NOTE: This is the first part of a longer articles that also reviews another play.
I was made seriously uncomfortable in the theater twice last week, both times by a naive strain of what I suppose we've got to call triumphalism. That is to say, I was twice asked to believe in much too easy a victory.
The first occurred in yet another rock musical, this one called rainbow. The show at the downtown Orpheum has 42 songs (many of them good ones), no real book though a book is advertised, and a second-act sequence that, I am sorry to say, curdled my blood.
It came about this way. The first half of the entertainment began with the levitation of an American soldier freshly killed in Vietnam, while all about his flag draped bier a group of non-mourners in curiously old-fashioned psychedelic robes, eye spangles, red hands and daubed foreheads sand him a welcome to their Radio Rainbeam show.
The raised soldier was where it's at, now, free at last to join the joyous dead in an unending stream of lively hoe-downs, banjo struts, old ragtime figures given fresh energy by a harder beat, and even a few snatches of lyric conversation that seemed to rejuvenate him. Somewhere in this light-hearted rainbow afterworld, with Jesus spread against the wall beneath a crown of twinkling lights among the thorns, he had met his own mother on the way to the bathroom. The meeting was propitious. "We had been strangers," he sang, "Now we are more than enemies/Now we're more than melody." I can't say that I know precisely what this last means, but it was plane that it made him happy.
James Rado's songs, as I say, were enlivening, whatever their derivation ("Give Your Heart To Jesus" was close to straight gospel, "Oh, Oh, Oh" could have been coined as the Twenties were turning into the Thirties) and their sheer high spirits were quite enough to carry anyone to the first-act curtain, especially as an animated company coiled themselves jubilantly around corkscrew ramps that seemed to envelope the playhouse. Mr. Rado's lyrics weren't helping quite as much ("I got a song to sing to you/I got a song to sing to you/I got a song to sing to you/It's such a happy song.") and the occasional jokes the composer has concocted with the help of brother Ted weren't helping at all (learning that the soldier's father had been a butcher, a homosexual asked, "Is he more butch than you are?"). But no matter. The show jumps.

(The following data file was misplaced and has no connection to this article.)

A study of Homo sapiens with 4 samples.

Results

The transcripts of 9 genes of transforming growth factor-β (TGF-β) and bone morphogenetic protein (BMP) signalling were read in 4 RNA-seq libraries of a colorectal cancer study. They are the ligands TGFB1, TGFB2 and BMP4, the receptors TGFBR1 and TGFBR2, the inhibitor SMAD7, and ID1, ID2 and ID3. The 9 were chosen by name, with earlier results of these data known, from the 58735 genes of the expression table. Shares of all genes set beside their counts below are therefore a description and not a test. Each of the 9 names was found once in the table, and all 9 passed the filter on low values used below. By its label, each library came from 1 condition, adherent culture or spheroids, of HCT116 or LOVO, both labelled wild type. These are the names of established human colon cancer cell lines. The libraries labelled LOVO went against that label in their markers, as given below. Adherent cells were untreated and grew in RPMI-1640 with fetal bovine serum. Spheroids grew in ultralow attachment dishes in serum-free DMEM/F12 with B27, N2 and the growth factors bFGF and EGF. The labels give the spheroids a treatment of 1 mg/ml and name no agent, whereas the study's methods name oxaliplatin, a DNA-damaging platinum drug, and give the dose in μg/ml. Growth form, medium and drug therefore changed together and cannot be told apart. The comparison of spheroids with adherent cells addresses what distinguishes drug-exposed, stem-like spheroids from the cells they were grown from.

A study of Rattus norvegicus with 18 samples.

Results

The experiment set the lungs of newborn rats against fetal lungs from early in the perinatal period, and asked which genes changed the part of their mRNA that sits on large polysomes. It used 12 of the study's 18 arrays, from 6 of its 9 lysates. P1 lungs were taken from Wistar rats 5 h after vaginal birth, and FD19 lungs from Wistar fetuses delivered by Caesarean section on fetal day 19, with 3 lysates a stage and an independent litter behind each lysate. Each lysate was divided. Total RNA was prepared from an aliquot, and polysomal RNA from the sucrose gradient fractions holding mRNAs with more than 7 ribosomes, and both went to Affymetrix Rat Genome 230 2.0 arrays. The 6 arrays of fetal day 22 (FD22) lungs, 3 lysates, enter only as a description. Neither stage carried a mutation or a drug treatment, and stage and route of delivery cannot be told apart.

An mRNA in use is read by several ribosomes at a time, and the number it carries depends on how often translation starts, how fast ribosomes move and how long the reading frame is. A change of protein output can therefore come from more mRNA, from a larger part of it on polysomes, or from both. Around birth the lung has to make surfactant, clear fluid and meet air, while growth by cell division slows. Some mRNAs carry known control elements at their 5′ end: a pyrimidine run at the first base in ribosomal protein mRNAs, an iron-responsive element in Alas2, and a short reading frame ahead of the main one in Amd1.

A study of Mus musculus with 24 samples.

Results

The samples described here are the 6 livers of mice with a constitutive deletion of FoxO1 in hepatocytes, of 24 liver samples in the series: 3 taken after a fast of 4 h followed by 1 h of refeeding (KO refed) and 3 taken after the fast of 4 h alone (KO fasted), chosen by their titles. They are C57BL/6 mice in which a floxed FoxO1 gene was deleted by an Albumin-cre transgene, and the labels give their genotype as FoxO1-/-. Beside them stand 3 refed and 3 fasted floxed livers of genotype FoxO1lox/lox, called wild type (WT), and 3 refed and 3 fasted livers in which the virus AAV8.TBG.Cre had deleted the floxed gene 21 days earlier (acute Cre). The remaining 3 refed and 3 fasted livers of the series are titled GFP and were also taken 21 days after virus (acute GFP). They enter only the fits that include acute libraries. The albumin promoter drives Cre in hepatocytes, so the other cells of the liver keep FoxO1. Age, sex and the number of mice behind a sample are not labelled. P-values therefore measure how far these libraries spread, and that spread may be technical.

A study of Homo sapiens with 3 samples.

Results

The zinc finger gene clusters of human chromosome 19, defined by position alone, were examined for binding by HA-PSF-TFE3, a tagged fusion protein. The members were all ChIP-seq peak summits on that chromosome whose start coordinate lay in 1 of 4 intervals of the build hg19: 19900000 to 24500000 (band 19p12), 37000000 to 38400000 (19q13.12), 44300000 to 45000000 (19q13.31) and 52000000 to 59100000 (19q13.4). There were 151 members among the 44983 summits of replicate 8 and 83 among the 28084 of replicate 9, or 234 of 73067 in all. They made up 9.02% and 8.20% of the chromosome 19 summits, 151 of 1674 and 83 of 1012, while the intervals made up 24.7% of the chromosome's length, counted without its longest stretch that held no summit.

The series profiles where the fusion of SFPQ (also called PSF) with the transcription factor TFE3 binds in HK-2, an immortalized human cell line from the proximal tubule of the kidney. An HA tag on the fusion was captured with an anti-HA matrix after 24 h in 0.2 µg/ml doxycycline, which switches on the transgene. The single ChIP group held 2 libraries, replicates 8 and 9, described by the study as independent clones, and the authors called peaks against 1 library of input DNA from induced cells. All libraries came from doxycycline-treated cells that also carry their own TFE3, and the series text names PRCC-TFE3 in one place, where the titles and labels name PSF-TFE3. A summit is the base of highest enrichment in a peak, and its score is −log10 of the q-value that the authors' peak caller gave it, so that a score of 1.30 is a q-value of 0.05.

Just before intermission, as a gesture towards "book" and a possible point to come, the group decided to take the gala they had been romping through down to Washington D.C., where, if they could present it for the President, the Vietnam war would surely be brought to an end. Would you believe that that's exactly what happened in the second act?
The President - unidentified by appearance or by name, but surrounded by hard-hats wearing ties the size of mainsails - no sooner met the youthful congregation than he was down on his knees, accepting from them a kind of baptismal rite, requesting forgiveness for deeds past. In a voice quavering with penitent good will he solemnly, liquidly announced, "I declare this war at an end."
It just so happens that Rainbow's opening night coincided with the resumption of the bombing of North Vietnam after the breaking-off of the peace talks, and the moment couldn't have queasier. How young are these generally appealing children that they can imagine 42 songs - and 42 songs of the counterculture at that - achieving an objective that far more than 42 protests of various political and religious kinds have never achieved?
The gaucherie was suddenly appalling, no longer innocent but terrible self deception, suggesting an isolation from reality that substituted wishful-thinking for genuine strength. Is the counterculture a cocoon from which only pipe-dreams are ever to emerge? I spent the next 20 minutes trying to shake every kind of dismay from my head. It didn't help the second act.